Malgorzata Mikucka, Oliver Arránz Becker, Christof Wolf
Cumulative Health Effects of Work Precarity. Longitudinal Analysis of German National Panel Data

19th Biennial European Society For Health and Medical Sociology Conference, Forli, 25. bis 27. August 2022

Past research suggested that work precarity erodes health, and theoretical models postulate that these effects accumulate over time. However, cumulative effects of work precarity have only rarely been studied. To fill this gap, this study estimated the instantaneous and cumulative effects of work precarity on physical and mental health.
We used German SOEP data for people aged 45-65 observed over 11-17 years (n=4,500 respondents, N=27,495 observations). To account for the multidimensionality of work precarity, we considered objective and subjective indicators of (1) work insecurity (“precarity of work”), (2) job demands (“precarity at work”), and (3) low earnings (“precarity from work”). The outcomes were mental and physical health indexes derived from the SF-12 scale. Our panel regression models with individual fixed effects controlled for the educational gradient in health development over age.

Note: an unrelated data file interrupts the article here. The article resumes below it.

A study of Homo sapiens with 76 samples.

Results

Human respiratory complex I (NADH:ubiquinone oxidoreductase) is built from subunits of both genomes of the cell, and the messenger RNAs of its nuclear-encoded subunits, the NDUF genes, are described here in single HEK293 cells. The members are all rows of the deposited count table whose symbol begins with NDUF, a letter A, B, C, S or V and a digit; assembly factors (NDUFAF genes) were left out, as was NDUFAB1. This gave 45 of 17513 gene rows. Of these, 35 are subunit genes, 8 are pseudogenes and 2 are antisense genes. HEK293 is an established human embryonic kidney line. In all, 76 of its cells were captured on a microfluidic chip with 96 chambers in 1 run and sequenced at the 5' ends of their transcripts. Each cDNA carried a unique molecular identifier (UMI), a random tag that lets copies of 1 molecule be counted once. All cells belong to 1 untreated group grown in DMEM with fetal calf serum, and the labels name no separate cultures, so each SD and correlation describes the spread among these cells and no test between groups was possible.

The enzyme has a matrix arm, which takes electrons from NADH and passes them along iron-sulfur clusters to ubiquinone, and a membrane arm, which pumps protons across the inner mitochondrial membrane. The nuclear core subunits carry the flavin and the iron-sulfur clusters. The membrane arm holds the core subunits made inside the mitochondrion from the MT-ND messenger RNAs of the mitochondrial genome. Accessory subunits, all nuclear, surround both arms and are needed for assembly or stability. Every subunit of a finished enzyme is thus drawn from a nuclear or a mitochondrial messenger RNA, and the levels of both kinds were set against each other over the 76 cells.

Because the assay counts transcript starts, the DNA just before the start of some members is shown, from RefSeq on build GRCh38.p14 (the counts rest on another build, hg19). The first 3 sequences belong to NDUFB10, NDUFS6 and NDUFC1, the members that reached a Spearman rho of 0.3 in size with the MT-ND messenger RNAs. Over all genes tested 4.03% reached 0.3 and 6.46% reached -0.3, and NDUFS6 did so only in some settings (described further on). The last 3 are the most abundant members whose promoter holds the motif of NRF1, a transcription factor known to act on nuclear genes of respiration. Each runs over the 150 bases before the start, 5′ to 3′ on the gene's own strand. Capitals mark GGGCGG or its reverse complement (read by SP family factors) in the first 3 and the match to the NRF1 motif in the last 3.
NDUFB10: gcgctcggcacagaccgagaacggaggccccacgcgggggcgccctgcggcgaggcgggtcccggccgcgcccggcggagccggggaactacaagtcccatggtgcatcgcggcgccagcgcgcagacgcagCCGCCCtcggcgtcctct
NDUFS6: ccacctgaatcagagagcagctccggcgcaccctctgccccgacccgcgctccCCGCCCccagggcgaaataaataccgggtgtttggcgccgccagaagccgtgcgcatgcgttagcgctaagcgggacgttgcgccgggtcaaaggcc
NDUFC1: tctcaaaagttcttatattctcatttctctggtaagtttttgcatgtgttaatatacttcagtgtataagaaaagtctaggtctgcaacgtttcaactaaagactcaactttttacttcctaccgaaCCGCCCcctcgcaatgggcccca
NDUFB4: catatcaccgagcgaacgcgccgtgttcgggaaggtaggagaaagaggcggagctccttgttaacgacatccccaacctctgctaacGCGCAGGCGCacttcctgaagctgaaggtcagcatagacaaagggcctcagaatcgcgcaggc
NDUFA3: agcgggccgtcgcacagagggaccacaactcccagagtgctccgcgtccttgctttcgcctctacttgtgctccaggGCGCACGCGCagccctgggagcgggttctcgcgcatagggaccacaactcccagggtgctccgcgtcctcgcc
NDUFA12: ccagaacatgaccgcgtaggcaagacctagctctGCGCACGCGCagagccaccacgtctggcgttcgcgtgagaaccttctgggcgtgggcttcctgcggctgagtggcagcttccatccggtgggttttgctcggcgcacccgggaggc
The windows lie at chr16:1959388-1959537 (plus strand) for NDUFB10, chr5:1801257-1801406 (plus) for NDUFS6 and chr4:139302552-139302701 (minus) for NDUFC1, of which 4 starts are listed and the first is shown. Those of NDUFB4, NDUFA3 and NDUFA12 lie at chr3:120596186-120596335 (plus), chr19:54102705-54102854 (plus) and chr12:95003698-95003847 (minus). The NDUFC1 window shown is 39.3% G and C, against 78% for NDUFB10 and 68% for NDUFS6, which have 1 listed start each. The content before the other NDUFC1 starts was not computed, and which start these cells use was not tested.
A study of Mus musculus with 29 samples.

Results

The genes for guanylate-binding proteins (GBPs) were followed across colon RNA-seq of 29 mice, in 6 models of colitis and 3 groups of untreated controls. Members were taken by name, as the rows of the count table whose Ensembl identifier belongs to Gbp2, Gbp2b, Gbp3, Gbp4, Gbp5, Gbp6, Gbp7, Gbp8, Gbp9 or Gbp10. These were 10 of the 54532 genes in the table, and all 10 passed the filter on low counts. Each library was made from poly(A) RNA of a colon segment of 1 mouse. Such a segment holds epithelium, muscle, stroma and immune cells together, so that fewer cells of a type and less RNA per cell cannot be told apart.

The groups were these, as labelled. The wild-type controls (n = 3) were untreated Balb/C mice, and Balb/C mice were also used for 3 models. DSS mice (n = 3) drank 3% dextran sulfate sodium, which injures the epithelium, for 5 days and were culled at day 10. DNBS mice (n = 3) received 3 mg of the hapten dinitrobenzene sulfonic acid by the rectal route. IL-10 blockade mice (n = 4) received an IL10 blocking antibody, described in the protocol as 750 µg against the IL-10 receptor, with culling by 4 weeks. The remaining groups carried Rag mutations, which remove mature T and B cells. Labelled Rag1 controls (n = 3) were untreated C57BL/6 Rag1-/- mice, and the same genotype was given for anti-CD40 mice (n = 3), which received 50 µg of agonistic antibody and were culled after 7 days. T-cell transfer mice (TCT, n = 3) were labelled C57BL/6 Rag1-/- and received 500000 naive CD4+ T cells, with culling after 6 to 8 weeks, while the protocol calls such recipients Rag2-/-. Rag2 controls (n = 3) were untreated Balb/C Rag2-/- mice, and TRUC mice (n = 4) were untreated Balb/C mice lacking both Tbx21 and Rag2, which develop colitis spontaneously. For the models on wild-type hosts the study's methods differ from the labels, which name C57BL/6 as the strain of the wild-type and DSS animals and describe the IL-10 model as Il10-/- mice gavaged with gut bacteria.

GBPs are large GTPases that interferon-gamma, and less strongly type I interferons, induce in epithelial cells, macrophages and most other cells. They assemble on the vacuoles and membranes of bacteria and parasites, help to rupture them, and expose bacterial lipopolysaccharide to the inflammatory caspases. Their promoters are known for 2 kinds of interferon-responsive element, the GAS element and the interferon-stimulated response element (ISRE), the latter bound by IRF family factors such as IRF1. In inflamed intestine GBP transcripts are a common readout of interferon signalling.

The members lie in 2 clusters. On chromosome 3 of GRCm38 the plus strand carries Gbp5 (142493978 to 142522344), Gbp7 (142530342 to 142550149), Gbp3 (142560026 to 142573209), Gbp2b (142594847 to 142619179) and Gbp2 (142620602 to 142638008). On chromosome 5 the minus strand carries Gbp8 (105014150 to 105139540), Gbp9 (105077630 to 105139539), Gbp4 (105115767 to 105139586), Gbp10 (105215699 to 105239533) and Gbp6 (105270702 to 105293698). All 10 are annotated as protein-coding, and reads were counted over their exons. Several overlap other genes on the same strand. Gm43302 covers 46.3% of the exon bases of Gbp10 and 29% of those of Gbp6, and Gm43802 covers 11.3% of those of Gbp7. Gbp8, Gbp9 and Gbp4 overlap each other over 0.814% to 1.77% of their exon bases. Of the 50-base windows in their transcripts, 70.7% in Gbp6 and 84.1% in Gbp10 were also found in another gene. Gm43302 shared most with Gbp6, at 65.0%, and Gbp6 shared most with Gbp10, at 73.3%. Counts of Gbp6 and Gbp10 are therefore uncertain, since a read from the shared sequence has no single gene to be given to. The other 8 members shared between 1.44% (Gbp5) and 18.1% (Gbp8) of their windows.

The results showed that intra-individual changes in subjective, but not objective, work precarity predicted shifts in physical and mental health. The effects of subjective job insecurity, income dissatisfaction, and unemployment accumulated over time: people who experienced these types of precarity for a longer time experienced a greater reduction in health. The sizes of the cumulative effects were smaller than of instantaneous effects. Cumulative effects of subjective job insecurity and unemployment were stronger for physical than for mental health and shifts in income dissatisfaction correlated with shifts in mental health more strongly than with shifts in physical health.
Our results demonstrate that work precarity has cumulative negative effects on health, but various dimensions and indicators differ in predictive power.